Nintendo’s consoles, as we know, live and die on their first-party offerings. The lofty likes of Mario Kart and Smash Bros, released earlier, could have singlehandedly hauled the Wii U out of the craptastic mess it’s currently in. When you make the purchase, it’s safe to assume that you’re doing so because you want to get your Mario/Zelda on.

Nevertheless, there are the occasional third-party jewels on Nintendo platforms. A lot of which are cult classics, the kinds of games that critics rave about yet no bugger actually buys. Today, we’re taking a look at Soul Bubbles, which kinda-sorta fits into this very category.

The game was released for the DS in 2008, an obscure-yet-brilliant puzzler from Mekensleep. As with many of the system’s titles, it’s predominantly (read damn well only) stylus-controlled. As with alarmingly few of the system’s titles, the touchscreen isn’t just shoehorned in to the detriment of gameplay. It feels right, and that’s a beautiful thing.

In Soul Bubbles, you take the role of a tiny, floating freak-dude, a young Shaman-in-training. As we know, apprentices get all of the crappy jobs nobody else wants, and it’s no different here. Except, instead of fetching cups of coffee and unblocking the toilets, this little guy has to ferry lost souls to their place of eternal rest. Which sounds like, if I may say so, one hell of a responsibility for a novice. Give me a plastic glove, a bucket and an unflushable bowel movement any day.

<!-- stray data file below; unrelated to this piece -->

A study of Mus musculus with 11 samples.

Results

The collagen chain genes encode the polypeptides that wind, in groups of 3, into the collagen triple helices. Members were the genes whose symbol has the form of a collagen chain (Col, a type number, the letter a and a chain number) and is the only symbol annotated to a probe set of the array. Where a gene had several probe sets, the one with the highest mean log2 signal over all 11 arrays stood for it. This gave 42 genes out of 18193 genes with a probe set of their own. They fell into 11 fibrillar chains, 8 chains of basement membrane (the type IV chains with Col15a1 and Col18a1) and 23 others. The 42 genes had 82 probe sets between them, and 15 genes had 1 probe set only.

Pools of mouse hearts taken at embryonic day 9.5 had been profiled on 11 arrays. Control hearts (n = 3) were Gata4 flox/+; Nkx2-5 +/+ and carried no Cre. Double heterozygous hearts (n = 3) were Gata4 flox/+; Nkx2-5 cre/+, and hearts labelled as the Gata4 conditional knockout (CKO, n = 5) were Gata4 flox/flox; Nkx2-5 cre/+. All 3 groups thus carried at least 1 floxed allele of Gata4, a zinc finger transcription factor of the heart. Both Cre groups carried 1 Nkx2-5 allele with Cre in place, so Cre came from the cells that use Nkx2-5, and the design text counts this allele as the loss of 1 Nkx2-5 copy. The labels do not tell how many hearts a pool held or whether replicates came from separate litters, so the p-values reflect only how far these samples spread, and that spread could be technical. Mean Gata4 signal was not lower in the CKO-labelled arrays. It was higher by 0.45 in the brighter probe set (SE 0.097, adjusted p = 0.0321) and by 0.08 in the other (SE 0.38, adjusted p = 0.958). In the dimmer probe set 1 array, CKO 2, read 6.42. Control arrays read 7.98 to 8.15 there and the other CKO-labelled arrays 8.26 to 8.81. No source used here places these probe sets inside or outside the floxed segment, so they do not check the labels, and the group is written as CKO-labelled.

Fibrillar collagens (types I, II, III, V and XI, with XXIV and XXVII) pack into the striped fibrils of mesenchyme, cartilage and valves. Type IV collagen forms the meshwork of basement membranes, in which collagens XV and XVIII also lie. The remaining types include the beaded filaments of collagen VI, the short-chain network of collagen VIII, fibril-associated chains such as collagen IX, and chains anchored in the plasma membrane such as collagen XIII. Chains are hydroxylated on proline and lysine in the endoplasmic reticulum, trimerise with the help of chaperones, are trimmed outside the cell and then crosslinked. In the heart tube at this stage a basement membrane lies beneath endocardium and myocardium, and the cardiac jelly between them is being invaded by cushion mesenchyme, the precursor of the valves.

They look like Navi, but you DON'T want to kill them. Everything else around here seems to, though.
They look like Navi, but you DON’T want to kill them. Everything else around here seems to, though.

Anywho, the gameplay basics are rather simple to grasp. You first draw a bubble around each stage’s souls at the beginning point (they look just like regular soap bubbles, but are presumably much, much soul-ier), in which you can transport them. From there, you’ll have to traverse each little maze with careful stylus strokes. These represent our Shaman ‘blowing’ the bubble to safety, and he’s going to need a lot of puff.

As you play through the campaign, you’ll acquire different tribal masks, each of which enables you to interact with the bubbles in a different way. Depending upon the obstacle at hand, you’ll have to split, shrink and expand your bubble, or make more. All of the familiar elements are out to oppose you, by bursting it and endangering the lives of the sweet, sweet soul-y goodness that dwells within. They won’t survive long outside it, you understand.

Soul Bubbles struck a chord with me for its adorably toontastic art style, its unique premise and the great use of the DS. It isn’t a very long adventure, but it’s one with real charm. It’s a shame that it didn’t get much attention.